Memo to Biden: Regulation Is Infrastructure

James Goodwin

April 27, 2021

President Joe Biden's April 28 speech to a joint session of Congress — his first major address since his inauguration — offers him a chance to outline and defend his policy priorities. He should use this opportunity to articulate a positive vision of regulation as an institution within our democracy and to champion the crucial role it plays in promoting the public interest.

Biden will likely focus much of his speech on his ambitious infrastructure plan, from which he can easily pivot to regulation. After all, robust regulations are essential to the success of the U.S. economy, no different from traditional "gray" infrastructure like roads, bridges, pipelines, and power lines.

Strong regulatory protections provide a foundation of trust, which is critical for keeping our economy humming. Imagine, for example, if the Biden administration's Occupational Safety and Health Administration (OSHA) issued its long overdue emergency temporary standard to protect workers from being exposed to COVID-19 on the job. Such a standard would give workers and consumers confidence that they can safely get back into the marketplace, providing a much-needed jolt of economic activity.

Like bridges, regulatory protections also link, in durable and meaningful ways, the interests of disparate economic actors to promote their mutual well-being. An Obama-era regulation that sought to require financial advisors to make decisions based on their customers' economic interests instead of what would yield them the greatest compensation was intended to have this effect. Such measures may come at a short-term cost to the financial services industry — cheating can be lucrative, after all. Over time, though, more people would be likely to avail themselves of the services this industry offers, as they come to recognize financial advisors as worthy of their trust. If this rule hadn't be wrongly struck down in court in 2018, it would have meant financial services customers getting better results, and the financial services sector getting more customers. With interests aligned, it was a win-win.

When strongly enforced, regulations are essential guardrails for our economy. Indeed, if the United States is to do our part in stopping humanity from driving over the edge into climate change-fueled cataclysm, we must pursue an aggressive strategy to wring greenhouse gas emissions out of our economy as quickly as possible. Regulations targeting the emissions of individual industrial sectors will play a crucial role in that strategy — and hopefully prevent our country from careening off the climate cliff.

Civic infrastructure

The value of regulation extends well beyond its contributions to our economic infrastructure. It also forms a critical part of our civic infrastructure. Regulation, in short, is democracy in action. Though far from perfect in practice, the regulatory system offers an irreplaceable public sphere in which we all can work together to give life to our common values through policies that promote our common goals.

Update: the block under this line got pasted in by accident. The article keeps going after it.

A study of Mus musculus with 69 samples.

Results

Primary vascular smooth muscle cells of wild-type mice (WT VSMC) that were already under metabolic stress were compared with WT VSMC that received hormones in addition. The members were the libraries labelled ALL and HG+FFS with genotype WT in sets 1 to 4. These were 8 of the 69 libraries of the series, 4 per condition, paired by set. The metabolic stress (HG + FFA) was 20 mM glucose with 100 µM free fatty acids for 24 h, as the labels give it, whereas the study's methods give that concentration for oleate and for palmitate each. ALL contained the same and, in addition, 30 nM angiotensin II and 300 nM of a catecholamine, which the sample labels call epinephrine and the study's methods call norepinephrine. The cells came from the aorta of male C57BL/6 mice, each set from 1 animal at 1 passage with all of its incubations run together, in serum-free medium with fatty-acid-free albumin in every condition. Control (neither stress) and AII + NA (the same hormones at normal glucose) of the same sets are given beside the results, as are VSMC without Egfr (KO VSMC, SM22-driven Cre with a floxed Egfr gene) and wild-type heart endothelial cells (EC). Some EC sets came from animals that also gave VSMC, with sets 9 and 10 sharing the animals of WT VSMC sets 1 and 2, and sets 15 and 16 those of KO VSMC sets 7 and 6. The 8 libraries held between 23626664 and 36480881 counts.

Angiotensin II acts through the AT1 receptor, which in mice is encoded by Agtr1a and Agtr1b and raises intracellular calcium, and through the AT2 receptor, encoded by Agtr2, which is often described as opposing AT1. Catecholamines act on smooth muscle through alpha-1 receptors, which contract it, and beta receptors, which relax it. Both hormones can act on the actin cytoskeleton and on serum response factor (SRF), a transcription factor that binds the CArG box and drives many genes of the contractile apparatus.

Through its public participation opportunities, the regulatory system creates a foundation of trust between and among fellow Americans, regardless of where we might stand on a particular policy issue. Brought face-to-face to contest and deliberate, we are ultimately empowered to recognize the innate dignity and humanity of even those with whom we disagree. In this way, a vibrant regulatory system can help repair the partisan and cultural divisions that have long embroiled this country.

Similarly, the regulatory system can restore a sense of connectedness between ourselves and our government. It offers us opportunities to interact with public officials on an ongoing basis, which can help bridge the divide that has left many of us feeling like our government is some distant "they" instead of an extension of ourselves, as if our government is somehow not part of "we the people."

Better still, when we see the impact that we have on regulatory policymaking, we have a greater sense of authorship over our shared destinies as members of the broader American community.

And, as we increasingly feel a sense of having "reclaimed our government," we will become more invested in developing our civic persona and carrying out our public-minded responsibilities, including not only showing up to the ballot box but also embracing other deeper forms of democratic engagement. In turn, rejuvenated civic empowerment will buffer future incursions of creeping authoritarianism that threaten the American democratic experiment.

If the Obama administration was any guide, conservative lawmakers and their allies in industry will waste no time in attacking the foundational legitimacy of the Biden administration's use of regulation to advance its public-centered policy agenda. The Biden team must not merely rebut these attacks on their own terms, but rather preemptively reframe the debate over regulation by laying out an affirmative vision of its essential role in our economy and democracy. With the eyes of the nation watching, Biden's speech to Congress provides an opportune moment to do just that.